Melissa Levine, Independent Professional Book Reviewers

A young widow and her seventeen-year-old son get caught up in the shady dealings of her late husband’s company in Business as Usual, the debut novel of author Carlton Stephenson. Set in Guyana, the book tells the story of a wealthy family that loses it’s patriarch to assassination, leaving his wife and son to battle against drug cartels, bandits, and gun runners for control of the family business. 

The board of directors of Shannon Enterprises immediately pulls rank after the death of Conrad Shannon. His unfaithful, ruthless wife, Joan, challenges the directors. She believes she should gain control of the company due to her status as Conrad’s widow. There is also the issue of a large debt that Joan is now obliged to pay on her dead husband’s behalf. Initially her son, David, has little interest in the company, but that changes as he begins to doubt the cause of his father’s death and a will is produced naming David as the heir to Shannon Enterprises.

From the first page, Business as Usual is loaded with action and violence. Stephenson takes the reader inside the lives of a family in chaos. As it turns out, both Joan and David were completely oblivious to the true dealings that made the family business prosperous. Neither are equipped to truly manage the company, but they work together (and often against one another) to gain control of the company and to halt a merger with a Trinidad-based company.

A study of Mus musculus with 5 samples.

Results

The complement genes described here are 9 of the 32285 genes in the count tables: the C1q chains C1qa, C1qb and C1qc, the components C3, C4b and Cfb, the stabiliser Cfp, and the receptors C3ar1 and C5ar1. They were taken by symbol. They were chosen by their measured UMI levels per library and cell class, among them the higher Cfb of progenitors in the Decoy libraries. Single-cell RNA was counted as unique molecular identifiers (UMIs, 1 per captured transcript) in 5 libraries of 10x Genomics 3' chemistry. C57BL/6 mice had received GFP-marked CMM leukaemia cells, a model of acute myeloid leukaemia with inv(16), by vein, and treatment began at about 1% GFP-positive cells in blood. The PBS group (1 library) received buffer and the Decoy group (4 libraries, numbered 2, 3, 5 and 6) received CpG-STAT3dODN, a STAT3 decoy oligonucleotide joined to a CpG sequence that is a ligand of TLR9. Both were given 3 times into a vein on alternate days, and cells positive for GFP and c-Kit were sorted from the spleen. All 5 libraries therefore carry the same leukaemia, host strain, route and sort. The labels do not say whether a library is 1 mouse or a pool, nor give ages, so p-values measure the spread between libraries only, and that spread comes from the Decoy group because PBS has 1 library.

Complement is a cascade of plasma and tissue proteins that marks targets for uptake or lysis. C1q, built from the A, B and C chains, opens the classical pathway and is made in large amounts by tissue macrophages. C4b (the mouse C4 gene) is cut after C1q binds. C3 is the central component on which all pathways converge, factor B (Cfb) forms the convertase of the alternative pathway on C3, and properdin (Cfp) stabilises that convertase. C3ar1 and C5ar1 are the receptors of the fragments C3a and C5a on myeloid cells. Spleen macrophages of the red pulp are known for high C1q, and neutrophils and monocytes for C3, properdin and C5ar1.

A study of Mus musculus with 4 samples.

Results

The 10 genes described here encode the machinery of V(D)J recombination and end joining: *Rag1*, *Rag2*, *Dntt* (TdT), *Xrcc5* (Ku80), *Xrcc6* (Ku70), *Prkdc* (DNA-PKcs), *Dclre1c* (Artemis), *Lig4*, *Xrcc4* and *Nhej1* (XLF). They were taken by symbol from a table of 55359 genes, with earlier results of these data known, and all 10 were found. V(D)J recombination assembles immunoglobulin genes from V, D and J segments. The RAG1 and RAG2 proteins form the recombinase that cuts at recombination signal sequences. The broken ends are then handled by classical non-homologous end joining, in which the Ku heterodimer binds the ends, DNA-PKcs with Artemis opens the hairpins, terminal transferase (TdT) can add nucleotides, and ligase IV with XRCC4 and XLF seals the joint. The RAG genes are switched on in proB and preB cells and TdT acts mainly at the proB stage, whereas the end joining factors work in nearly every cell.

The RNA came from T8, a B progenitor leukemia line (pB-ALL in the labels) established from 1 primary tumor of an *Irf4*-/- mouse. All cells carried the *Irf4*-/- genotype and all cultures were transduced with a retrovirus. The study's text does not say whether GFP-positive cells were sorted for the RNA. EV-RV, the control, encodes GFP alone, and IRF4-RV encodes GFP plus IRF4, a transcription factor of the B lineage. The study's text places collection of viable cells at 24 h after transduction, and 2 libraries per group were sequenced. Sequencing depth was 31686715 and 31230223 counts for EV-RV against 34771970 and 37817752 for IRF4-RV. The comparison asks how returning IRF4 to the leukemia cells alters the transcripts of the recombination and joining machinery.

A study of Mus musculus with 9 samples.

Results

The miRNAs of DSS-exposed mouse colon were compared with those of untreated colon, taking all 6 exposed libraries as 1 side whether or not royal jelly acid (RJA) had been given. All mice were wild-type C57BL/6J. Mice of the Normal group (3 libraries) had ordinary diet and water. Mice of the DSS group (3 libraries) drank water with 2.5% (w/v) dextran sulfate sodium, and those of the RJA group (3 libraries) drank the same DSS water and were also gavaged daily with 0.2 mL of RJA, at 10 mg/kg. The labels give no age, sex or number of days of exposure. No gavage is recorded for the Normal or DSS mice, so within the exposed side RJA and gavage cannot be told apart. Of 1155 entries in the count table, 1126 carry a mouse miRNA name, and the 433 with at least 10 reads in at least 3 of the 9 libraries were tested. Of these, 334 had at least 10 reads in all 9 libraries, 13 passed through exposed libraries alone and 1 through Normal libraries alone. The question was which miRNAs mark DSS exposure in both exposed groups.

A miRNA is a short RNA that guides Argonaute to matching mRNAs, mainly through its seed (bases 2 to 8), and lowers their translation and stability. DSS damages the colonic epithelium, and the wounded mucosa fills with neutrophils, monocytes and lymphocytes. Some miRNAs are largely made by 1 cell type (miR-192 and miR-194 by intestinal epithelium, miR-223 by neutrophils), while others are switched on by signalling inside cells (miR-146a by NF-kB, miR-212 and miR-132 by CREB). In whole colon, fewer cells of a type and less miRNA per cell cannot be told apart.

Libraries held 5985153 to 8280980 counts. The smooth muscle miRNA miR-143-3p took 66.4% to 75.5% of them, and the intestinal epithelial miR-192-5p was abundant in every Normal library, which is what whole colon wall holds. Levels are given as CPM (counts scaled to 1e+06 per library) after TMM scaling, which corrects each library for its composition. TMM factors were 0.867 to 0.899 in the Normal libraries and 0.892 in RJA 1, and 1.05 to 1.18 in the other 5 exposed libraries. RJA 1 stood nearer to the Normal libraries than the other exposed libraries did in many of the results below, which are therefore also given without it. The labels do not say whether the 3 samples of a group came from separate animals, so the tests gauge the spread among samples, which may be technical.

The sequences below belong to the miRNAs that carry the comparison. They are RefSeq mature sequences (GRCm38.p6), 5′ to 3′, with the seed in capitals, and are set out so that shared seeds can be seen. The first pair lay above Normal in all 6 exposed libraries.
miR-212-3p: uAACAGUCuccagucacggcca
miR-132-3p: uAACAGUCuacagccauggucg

The author presents his characters as whole persons: all of their good and all of their bad attributes are displayed. There are no angels in this story, but the main characters are very human and relatable. The story itself is dynamic because it discusses the illegal drug and gun trade that are current problems in Guyana. Racial tensions among the blacks, East Indians, and Amerindians are also a focal point of the book, making this story quite enlightening in addition to being entertaining.  

The measures that both Joan and David go through to retain control of their business impact their professional and personal lives. The relationship between mother and son is increasingly volatile creating the perfect love-hate relationship at the center of this multi-layered tale of money, sex, and power. Dialogue is often presented in creole, which will require some effort for many readers to decipher; but this adds to the authenticity of the book. Although the story has numerous twists and turns, the author does manage to tie all of the ends together as the book closes. 

Business as Usual is an impressive first effort. The book offers adventure, mystery, and family drama, with a mix of contemporary social problems that will keep readers engaged and looking forward to the release of the sequel.